Leading up to Derek Jeter's 40th birthday, we asked a range of former managers and teammates what Jeter turning 40 means to them.
Joe Torre, Jeter's second major league manager
"He is still a kid to me. The depressing part of it. Let me see, if he is going to be 40, that means I'm going to be 74. That's OK. You know one thing, he didn't waste those years from the time he was 21 when I got to know him to turning 40. Being single in New York and having success and it never spoiled him one bit. That's what is really great for me and I know it is for the fans.
"I want to thank him for my trip to Cooperstown, no question."
Buck Showalter, Jeter's first major league manager
"It makes me feel a little old because I remember '92 when I was in that dugout watching he and his family walk in after the draft, a skinny kid out of Kalamazoo, Michigan. You are proud of the way he has handled himself, as much as anything. I knew when I spent a little time with his mom and dad and his sister that the things that challenged a lot of guys off the field in New York weren't going to challenge him. He stayed in reality and that is very hard to do in New York.
"The one thing I felt confident in was he would be capable of being, whatever that [ability was]. Anyone who said that they knew exactly what he was going to be, nobody is that good. I knew from upbringing, he was going to be as good as he is capable of being.
"The reality is, 'Pal, you're 40.'"
David Cone, former Yankees teammate
"It is remarkable he is still playing that position in the major leagues at 40 years old. I don't know too many others who are in that category in the history of the game. It just shows how remarkable his career has been.
"My message to him, beside the joking about him being 40 and the typical old man jokes would be, I would just say, 'Thank you. Thanks.' He is one of the greatest teammates I've ever had."
Dellin Betances, Yankees reliever, grew up a Yankees fan in New York
"In 1996, I was just eight years old, but seeing a guy that fearless. They won the World Series, obviously. Just watching that was pretty cool. It is crazy that he is turning 40. I'm just honored to be here and playing with this team and sharing the field with him every time I look back. He is right there. He is definitely a great teammate and a class guy. He is a role model for me. I'm honored to be on the same team as him."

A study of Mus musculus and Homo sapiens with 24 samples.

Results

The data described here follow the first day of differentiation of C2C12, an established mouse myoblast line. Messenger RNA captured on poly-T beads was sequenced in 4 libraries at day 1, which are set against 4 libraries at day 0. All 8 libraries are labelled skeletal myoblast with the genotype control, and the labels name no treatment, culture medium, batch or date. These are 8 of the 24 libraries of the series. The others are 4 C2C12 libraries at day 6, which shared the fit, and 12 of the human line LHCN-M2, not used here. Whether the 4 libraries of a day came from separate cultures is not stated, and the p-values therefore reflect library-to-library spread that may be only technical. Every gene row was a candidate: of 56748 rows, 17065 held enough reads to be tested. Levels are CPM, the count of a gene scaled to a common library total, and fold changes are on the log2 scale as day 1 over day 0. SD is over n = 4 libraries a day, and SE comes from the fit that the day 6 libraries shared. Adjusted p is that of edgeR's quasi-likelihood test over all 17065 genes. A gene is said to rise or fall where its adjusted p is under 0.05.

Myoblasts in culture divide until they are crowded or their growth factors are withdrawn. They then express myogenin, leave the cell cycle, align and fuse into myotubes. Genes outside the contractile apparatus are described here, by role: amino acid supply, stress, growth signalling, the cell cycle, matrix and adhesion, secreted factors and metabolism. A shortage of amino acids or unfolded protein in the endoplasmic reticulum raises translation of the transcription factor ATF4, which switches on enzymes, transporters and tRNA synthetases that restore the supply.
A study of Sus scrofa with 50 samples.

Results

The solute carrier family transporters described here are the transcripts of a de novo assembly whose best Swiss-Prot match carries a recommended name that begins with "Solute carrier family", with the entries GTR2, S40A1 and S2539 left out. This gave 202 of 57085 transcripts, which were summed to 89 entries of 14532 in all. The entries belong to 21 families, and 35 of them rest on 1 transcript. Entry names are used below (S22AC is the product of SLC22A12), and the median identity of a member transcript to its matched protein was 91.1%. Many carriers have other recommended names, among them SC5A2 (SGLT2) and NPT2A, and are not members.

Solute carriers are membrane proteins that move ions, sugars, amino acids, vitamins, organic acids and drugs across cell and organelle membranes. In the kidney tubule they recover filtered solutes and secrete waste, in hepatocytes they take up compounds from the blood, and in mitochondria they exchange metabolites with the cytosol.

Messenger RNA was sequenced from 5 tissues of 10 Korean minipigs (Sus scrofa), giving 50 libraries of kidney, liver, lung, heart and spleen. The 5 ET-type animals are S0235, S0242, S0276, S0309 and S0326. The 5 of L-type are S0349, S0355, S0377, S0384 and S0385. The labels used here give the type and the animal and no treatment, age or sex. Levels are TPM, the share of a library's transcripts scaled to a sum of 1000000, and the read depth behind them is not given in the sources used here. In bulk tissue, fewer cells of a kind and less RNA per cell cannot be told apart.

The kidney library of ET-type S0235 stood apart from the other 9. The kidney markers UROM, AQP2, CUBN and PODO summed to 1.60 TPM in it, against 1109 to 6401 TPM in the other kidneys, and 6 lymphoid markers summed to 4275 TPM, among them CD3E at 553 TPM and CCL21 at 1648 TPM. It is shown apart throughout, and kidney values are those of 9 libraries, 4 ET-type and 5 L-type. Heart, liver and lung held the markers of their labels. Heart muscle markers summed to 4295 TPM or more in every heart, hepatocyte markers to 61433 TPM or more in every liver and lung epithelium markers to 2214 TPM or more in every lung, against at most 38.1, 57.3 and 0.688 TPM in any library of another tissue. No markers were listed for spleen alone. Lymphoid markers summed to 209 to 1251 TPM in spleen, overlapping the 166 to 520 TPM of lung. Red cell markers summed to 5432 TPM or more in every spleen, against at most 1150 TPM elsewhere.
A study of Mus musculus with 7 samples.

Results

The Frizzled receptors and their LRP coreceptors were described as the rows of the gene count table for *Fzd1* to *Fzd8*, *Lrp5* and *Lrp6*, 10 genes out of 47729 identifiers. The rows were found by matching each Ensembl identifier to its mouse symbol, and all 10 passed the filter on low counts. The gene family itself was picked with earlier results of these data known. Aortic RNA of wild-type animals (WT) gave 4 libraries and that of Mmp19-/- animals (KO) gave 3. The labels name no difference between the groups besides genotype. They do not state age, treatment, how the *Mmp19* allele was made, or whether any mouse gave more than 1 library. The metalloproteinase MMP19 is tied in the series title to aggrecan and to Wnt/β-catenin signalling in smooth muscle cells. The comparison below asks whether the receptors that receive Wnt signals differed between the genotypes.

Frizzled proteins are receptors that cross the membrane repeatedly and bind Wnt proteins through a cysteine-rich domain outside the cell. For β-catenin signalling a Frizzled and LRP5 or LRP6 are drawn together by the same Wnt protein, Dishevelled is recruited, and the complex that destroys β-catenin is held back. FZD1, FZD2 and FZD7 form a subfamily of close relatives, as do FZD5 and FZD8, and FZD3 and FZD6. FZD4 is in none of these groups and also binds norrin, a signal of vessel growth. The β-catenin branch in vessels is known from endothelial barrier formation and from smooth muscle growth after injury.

Paul O'Neill, former Yankees teammate
"It means a lot of time has passed by, but a lot of great things have happened. He has a lot of things to look forward to in life. The first time I heard about him was spring training, 1995-1996, we knew he was the up-and-coming star. It was just a matter of time. He fulfilled everything he was supposed to do and more."
Alfonso Soriano, Yankees outfielder, two-time Jeter teammate
"Time flies. Seeing Jeter at 40, I remember 2001 working together. Me at second, him at short, the way that he looks now, he looks like he is not 40 years old. He looks so good. I'm happy for him that he has had such a great career and that he keeps playing at the level he is playing at now, almost like 40. It is a great career. He is blessed because there aren't too many players who could play until they are 40 years old."
Mark Teixeira, Yankees first baseman
"The longevity is impressive. Not a lot of guys play this game until they are 40. It is quite an accomplishment. The biggest thing I remember about Derek is him, Alex [Rodriguez] and Nomar [Garciaparra] coming up at the same time and just three great shortstops. We may never see three great shortstops like that come up at around the same time again."
Charlie Hayes, former teammate
"It doesn't seem like he should be turning 40. In 1996, it was his second year, but he still looked like a baby in the face. He is a great guy. I admired the guy because he is a professional on and off the field. He is one of those guys that you don't read a whole lot of him getting in trouble for doing this or doing that. He is a good guy."